When you’re working on crafting the perfect brand name, many of you are also developing logos and/or imagery to accompany the name. This edition of The Oops Reel should serve as a reminder that just as much due diligence needs to go into evaluating the visual element of the brand. Let’s not forget the adage: a picture is worth a thousand words.
Are There Babies in There?
Gerber used the same packaging as they did in the U.S. (a Caucasian baby on the label) when it started selling baby food in Africa. The problem: with widespread illiteracy, African companies oftentimes put pictures of the ingredients on the label — definitely not the recipe for success for Gerber. Source: Gulf Business
A Sandwich with a Side of Communism
When Yum Brands opened a “Bánh mì” (a type of Vietnamese sandwich) concept named Bánh Shop in Dallas in September 2014, it developed a five-pointed red star logo. Unfortunately, red and yellow stars, especially with regards to Vietnam, are reminders to many of the Vietnamese Communist regime. Due to Dallas’ huge Vietnamese population, it’s no surprise that many of Bánh Shop’s potential customers requested a logo change. Yum Brands apologized and created a new logo. Source: Entrepreneur
Gandhi and Beer?!
New England Brewing Co.’s brew, Gandhi-Bot, carries imagery reminiscent of Mahatma Gandhi. Ironically, this peace advocate abstained from alcohol and fought its influence on the country. A lawsuit filed in India against the brewery and its controversial beer label has created a divide among many. As of January 2015, beyond its apology, New England Brewing had not said whether it would withdraw the beer or change its name, and its owners had not returned phone messages or answered emails requesting comment. Source: Hartford Courant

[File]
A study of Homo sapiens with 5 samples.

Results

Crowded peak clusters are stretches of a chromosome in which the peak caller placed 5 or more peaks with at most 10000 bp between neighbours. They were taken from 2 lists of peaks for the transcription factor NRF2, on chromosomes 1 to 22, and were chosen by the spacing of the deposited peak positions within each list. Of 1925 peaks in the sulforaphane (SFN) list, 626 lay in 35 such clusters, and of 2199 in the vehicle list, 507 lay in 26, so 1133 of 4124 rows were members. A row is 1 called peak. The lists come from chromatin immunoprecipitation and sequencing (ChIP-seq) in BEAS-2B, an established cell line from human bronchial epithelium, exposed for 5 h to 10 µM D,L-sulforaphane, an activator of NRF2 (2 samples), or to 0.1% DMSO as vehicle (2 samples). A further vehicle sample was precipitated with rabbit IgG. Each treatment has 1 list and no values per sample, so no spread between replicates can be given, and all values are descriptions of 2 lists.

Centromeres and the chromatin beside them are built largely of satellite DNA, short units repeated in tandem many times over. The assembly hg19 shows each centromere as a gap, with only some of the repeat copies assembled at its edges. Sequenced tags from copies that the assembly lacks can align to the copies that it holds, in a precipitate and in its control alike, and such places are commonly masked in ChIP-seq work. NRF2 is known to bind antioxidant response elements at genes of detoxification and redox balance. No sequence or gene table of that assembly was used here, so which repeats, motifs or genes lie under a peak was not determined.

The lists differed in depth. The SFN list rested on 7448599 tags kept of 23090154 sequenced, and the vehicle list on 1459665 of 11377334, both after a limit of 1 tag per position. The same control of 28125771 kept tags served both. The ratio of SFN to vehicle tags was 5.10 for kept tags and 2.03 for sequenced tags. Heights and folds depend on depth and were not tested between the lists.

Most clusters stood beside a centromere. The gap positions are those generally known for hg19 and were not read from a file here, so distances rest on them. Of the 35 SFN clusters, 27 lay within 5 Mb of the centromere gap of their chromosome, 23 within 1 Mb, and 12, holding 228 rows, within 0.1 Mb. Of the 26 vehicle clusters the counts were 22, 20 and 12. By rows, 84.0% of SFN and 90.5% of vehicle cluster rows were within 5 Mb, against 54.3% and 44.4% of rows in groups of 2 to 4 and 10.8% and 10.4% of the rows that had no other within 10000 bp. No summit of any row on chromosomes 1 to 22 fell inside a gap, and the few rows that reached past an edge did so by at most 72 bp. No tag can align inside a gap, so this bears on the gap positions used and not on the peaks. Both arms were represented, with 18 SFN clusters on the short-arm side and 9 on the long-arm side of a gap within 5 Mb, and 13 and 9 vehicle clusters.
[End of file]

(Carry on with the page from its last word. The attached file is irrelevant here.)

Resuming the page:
Native American No-No
Ralph Lauren’s 2014 holiday ad campaign for its RRL line was criticized in December 2014 for its “assimilation aesthetic,” featuring old photos of Native Americans dressed in Western attire. The company apologized for the imagery and removed the images from its website. A contributor to the site Last Real Indians, was displeased with the campaign’s use of Native Americans, claiming that “The imagery is not only ignorant, it’s a harsh reminder of a time of extreme oppression, and even genocide, for the nation’s indigenous people.” Source: WGNO
It’s a Bird, It’s a Plane It’s a What?
When Proctor & Gamble started selling its Pampers diapers in Japan, it used an image of a stork delivering a baby on the packaging. But, the imagery didn’t seem to resonate. The company later learned that the issue was cultural “Japanese folklore states that giant peaches floating down a river bring babies to their parents, not storks.” Source: Business News Daily
Worried you wouldn’t have the resources to have insight into this type of information? We’ve got you covered with our Global Brand Evaluation and Identity Filter services, which can evaluate imagery in addition to names. We look forward to hearing from you.